It’s now just over a year since the General Data Protection Regulation (GDPR) came into force across Europe. The run up to the enforcement date of 25 May 2018 was full of drama: panic about multi-million pound fines for infringements and a flurry of (often unnecessary) emails requesting consent.

The aftermath has been somewhat less dramatic.

While the French equivalent of the Information Commissioner’s Office (ICO), CNIL, fined Google €50million for lack of transparency, other data protection authorities have levied much smaller fines, and the ICO has yet to issue a fine under GDPR.

That doesn’t mean the ICO isn’t taking action, though. In May, it issued an enforcement notice under GDPR to HMRC, requiring HMRC to delete biometric data it had recorded without providing sufficient information to data subjects. HMRC has 28 days from the date of the final enforcement notice to delete the records.

Data protection agencies across Europe are working through high volumes of data breach notifications from ‘offending’ organisations, as well as large numbers of complaints, typically focusing on lack of transparency and consent. Investigation of breaches takes time, so the slow start doesn’t mean we shouldn’t expect to see fines being issues in the future.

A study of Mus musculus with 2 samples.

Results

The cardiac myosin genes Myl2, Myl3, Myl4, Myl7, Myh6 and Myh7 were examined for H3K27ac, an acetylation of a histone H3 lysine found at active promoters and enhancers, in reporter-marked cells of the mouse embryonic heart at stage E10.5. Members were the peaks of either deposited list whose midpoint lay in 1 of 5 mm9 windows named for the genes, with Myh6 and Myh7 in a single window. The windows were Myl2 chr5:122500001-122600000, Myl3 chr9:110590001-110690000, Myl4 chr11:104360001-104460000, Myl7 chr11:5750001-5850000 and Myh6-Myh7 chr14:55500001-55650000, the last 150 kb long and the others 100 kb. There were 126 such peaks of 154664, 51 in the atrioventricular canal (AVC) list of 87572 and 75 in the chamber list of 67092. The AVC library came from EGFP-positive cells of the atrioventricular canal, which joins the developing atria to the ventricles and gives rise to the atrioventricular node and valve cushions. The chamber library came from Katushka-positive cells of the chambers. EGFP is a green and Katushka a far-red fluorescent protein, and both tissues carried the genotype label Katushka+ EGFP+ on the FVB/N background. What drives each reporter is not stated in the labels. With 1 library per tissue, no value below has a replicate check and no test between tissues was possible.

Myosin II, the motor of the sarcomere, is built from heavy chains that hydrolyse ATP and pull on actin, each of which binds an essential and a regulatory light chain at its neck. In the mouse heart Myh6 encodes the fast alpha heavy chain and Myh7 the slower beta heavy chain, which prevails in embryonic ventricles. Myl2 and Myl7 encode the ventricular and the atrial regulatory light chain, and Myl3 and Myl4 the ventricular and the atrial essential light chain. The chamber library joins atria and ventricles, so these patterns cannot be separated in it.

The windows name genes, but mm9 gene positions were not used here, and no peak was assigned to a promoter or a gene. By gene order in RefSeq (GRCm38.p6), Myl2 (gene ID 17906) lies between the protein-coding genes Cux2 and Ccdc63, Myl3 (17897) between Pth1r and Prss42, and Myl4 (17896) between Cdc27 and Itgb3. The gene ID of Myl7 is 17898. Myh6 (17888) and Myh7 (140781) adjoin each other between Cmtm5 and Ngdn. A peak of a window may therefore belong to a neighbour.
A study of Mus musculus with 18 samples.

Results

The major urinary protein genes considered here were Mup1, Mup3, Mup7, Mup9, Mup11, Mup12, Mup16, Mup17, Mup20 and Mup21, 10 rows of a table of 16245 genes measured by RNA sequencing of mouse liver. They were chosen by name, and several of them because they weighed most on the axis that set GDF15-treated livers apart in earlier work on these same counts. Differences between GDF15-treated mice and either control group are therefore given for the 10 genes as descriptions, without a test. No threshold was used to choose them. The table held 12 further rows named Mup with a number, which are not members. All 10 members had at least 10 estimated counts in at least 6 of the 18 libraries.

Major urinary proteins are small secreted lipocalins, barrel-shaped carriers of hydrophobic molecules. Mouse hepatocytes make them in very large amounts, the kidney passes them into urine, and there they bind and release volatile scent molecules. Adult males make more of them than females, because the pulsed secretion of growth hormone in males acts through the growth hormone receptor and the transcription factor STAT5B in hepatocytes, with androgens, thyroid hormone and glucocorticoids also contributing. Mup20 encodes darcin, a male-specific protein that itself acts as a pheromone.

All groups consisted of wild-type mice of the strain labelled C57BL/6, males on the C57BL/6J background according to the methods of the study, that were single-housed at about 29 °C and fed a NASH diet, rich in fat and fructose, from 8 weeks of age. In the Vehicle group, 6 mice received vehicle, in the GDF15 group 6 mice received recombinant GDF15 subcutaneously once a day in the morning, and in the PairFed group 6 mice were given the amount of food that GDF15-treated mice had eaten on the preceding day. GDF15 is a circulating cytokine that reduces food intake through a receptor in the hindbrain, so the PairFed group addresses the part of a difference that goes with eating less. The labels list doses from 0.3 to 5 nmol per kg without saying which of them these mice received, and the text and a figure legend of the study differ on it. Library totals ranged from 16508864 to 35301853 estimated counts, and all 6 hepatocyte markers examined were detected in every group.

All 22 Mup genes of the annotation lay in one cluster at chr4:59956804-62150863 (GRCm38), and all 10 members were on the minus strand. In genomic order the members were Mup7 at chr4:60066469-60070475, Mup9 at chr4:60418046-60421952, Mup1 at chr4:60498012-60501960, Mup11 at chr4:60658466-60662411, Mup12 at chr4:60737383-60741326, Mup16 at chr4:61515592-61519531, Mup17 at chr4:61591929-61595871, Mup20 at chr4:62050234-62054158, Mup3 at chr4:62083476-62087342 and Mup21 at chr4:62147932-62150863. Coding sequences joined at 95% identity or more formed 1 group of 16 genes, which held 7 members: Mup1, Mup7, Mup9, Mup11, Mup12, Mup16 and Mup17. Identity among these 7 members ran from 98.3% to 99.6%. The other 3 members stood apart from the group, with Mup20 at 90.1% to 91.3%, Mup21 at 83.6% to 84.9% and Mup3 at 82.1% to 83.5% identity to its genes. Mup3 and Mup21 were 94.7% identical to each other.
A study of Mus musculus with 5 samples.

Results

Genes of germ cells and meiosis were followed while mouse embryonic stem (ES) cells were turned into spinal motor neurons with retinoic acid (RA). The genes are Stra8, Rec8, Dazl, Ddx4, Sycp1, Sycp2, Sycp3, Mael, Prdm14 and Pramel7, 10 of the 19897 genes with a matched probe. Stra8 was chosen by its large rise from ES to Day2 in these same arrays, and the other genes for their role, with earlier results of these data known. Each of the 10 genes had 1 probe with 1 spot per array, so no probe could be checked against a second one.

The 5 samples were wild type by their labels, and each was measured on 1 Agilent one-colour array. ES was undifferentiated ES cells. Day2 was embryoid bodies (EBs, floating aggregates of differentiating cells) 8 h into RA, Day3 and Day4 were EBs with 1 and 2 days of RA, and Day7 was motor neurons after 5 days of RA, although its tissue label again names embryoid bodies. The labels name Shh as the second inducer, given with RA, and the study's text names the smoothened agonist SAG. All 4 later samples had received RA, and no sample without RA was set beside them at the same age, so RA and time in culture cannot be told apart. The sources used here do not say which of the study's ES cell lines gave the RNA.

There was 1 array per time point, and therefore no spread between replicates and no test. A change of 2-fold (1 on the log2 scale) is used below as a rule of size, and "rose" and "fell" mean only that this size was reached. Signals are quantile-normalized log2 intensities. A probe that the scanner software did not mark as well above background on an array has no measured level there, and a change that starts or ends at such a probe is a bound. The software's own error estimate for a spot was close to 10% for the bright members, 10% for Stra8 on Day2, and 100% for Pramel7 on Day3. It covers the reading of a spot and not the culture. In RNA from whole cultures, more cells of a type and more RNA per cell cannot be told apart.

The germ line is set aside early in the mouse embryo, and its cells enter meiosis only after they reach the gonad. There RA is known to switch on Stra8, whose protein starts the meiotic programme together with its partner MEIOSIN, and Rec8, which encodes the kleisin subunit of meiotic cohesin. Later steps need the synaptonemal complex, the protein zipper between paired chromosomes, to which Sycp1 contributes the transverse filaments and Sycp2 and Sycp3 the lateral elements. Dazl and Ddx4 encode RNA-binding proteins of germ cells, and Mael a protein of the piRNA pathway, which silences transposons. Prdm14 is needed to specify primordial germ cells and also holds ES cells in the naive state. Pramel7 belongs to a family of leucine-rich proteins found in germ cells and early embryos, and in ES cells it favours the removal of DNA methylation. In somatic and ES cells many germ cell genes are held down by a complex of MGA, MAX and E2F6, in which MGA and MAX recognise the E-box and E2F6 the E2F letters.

What should I be doing now?

Even those who met the 25 May 2018 deadline for compliance should not be complacent. Things move on, staff come and go, and interpretations change. Take time now to:

  1. Audit your policies and processes. Are they still fit for purpose?
  2. Review in particular your privacy policies to ensure they are sufficiently specific, in light of the high number of complaints focusing on transparency and consent.
  3. Offer refresher training to relevant staff, tailored to their specific use of and interaction with data.
  4. Ensure staff are clear on what to do if a breach happens. Given the limited reporting time, swift action is a must.

If you or your organisation require training on GDPR, don’t miss Central Law Training’s range of data protection training, including: 

If you're in Scotland, visit https://www.clt.scot/search.aspx?practice=DataProtection to see our range of available training.